Are we doing things right or bringing yoga out of it’s original element?

Something has happened over the past few weeks that for a while couldn’t make me stop thinking “I’m a phoney”. It was a frank conversation with a student of mine, but first let me begin by introducing the fact that I discovered Yoga during the darkest time of my life. It helped me so profoundly that I decided to become a yoga teacher in order to help other people who needed to find themselves. 

I completed my first TTC in 2017 with very qualified teachers, and a year later an advanced TTC to continue growing on my yoga journey. I have had my yoga studio for two and a half years now and I honestly give thanks every single day that I’m lucky enough to do what I love and to feel good about it.

The conversation that started it all was with this student of Indian descent: I was casually commenting  on certain Instagram handles that seem to play with a mixture of English and Sanskrit. Although this seems like an innocent way of creating a profile name, the conversation slowly expanded on the misuse of Sanskrit words such as NAMASTE, which according to my student had to be used only at the beginning of a yoga session. I soon started to question my  knowledge and skills about Yoga, and after listening to Yogagirl’s podcast interview with Susana Barakataki (link here),I changed considerably a number of practices that I used on a daily basis, in my private life and at the studio.

As I was taught, the word Namaste means:” the light inside of me greets the light inside of you”, a poetic definition traditionally used as a greeting to say “hello”.

The podcast interview explains, among other things, how so many yoga teachers finish their classes using the word Namaste. I find it very appropriate too, since after every shavasana (corpse pose concluding an asana practice) we arise to a new moment.

The crossed opinions on how/when to say Namaste could go on forever if we refer to its different interpretations, each with its own lengthy definition. Traditionally seen in the Vedas (ancient Hindu texts), the Sanskrit origin of the word could be losely translated as follows: “I bow down to the divine in you”, in which case Namaste can be said at any time of the day.

My student also admitted to me that it was difficult for her to see me surrounded by so many Hindu objects at the studio. I have a drawing of Ganesha, various oum symbols as well as Pajals (silver anklets with little bells) that I wear all the time. Apparently, the use of symbols belonging to a culture that is not mine make me guilty of misappropriation….I never meant to be disrespectful, and this is the reason why I felt mortified and guilty for some kind of wrong-doing, a cultural heritage of my upbringing! I felt as though my training courses, on which I had invested quite a bit of money, time, efforts and enthusiasm, were just based on empty words, a charming castle built on quicksand.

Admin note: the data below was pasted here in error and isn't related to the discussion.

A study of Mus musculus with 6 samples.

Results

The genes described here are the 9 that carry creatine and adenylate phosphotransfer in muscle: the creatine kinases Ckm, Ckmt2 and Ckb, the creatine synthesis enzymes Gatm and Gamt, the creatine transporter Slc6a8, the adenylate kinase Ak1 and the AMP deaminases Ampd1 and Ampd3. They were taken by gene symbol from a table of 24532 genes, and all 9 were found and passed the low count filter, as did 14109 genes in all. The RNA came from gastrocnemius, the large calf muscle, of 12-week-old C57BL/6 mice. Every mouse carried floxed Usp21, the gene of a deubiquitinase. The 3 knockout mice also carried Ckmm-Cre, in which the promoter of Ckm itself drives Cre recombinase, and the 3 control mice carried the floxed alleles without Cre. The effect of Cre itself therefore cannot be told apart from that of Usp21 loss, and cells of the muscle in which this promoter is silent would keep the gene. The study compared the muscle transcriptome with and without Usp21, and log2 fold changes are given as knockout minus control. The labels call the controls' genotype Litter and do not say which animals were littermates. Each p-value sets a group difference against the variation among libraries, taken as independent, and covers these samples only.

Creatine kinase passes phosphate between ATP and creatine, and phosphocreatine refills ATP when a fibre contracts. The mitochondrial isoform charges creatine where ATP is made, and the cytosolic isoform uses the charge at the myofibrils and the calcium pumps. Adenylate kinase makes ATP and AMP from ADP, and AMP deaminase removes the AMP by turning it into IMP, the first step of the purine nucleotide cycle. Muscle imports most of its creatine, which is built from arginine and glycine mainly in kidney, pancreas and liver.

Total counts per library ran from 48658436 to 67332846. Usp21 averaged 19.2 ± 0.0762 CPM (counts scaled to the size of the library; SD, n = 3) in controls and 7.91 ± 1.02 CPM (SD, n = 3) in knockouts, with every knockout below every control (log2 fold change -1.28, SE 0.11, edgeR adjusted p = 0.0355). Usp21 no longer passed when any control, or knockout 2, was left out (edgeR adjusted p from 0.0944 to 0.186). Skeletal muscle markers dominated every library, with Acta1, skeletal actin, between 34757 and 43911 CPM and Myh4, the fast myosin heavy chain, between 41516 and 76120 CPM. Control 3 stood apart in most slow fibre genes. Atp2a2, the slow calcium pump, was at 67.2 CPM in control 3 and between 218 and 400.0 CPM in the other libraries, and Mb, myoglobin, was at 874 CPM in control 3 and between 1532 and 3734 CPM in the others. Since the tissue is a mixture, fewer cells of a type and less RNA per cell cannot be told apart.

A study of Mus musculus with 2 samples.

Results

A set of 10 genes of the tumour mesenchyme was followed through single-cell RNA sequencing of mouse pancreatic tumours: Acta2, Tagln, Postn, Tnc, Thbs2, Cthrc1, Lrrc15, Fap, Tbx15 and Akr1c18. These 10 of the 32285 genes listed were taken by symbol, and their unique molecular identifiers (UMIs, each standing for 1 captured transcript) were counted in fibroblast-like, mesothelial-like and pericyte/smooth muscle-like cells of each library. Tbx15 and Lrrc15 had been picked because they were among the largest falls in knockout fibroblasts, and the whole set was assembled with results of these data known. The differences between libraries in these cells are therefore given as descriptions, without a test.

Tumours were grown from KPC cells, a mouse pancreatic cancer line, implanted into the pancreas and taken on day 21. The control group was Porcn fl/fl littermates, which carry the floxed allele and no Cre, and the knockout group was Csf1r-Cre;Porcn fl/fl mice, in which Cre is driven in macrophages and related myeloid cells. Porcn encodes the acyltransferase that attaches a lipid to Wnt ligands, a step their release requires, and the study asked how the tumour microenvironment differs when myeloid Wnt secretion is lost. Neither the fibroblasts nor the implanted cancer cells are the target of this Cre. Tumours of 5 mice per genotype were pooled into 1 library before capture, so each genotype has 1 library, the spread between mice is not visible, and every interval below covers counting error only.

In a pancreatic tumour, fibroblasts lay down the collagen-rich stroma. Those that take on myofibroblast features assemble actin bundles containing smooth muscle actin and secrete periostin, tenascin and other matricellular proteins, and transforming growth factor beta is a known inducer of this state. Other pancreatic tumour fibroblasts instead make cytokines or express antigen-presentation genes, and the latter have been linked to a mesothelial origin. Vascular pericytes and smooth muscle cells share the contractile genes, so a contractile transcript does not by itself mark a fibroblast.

We can’t hide the fact that yoga has changed over the centuries, too often abused, misused and misunderstood. The slogan: “Everyone can do yoga” used around the world is too inclusive, since some aspiring yoga teachers don’t even bother to study the ancient and sacred aspects of this discipline. When teaching in a gym a few years ago, I was instructed to omit the meditation because there was no time for it….

I take my profession very seriously, I prepare my classes conscientiously, keeping in mind that there is always room for improvement.

I’ve always felt very comfortable with other cultures. I lived with my family in different countries, and all I can say is that by maintaining a humble attitude, eagerness to understand and gratitude for the learning opportunity, l never had a problem. My Indian friends in the UK point out that so many Hindis fit in the Western European culture and adopt it as their own. Is that considered acceptable because of the colonization in the 1850s?

Another interesting conversation about food, with a different student, also made me think…if the Chinese food we commonly call Chinese is in fact nothing like the original version from China, how is it OK that it has been so widely accepted? The same can be said for any popular food: I’m Italian and I can guarantee you that most places that sell Italian specialties around the world are in fact cheap knock off versions….

What  Yoga and Local Cuisines have in common is that both are deep-rooted expressions of specific cultures and that both are appreciated  and practiced by individuals of different backgrounds. When does one’s love for a culture cross the line into cultural appropriation? Why is a painting of Ganesha in my studio offensive for someone? My yoga teacher gave it to me, and I treasure it not only as a gift, but also because I know the story of the deity that it represents. My father, a theologian, has a statue of Ganesh in his study: I was raised respecting all religions and their symbols.

Yoga has become such a fundamental part of my life that when I opened up my studio I chose to call it the LOVE Yoga Studio, because the whole philosophy behind everything done in the studio is that it should be done with love. Every single class was given with the intention of helping someone: maybe a student had had a bad day at work, maybe they just needed to get distracted or to be listened to. My main intention when teaching any class, whether that’s Pole Dance or Yoga, is to help and make the student feel loved.

By adapting to the Western World, Yoga has undergone a change that makes it now accessible to many, it is a fact and no one has to be blamed for it, just a consequence of globalization. The approach to any form of  culture has to be done with respect and awareness of the fact that it is  an invaluable source of knowledge and wisdom for all.

PS: My closing greeting is now Oum Shanti (Peace), which I find as vigorous and auspicious as Namaste.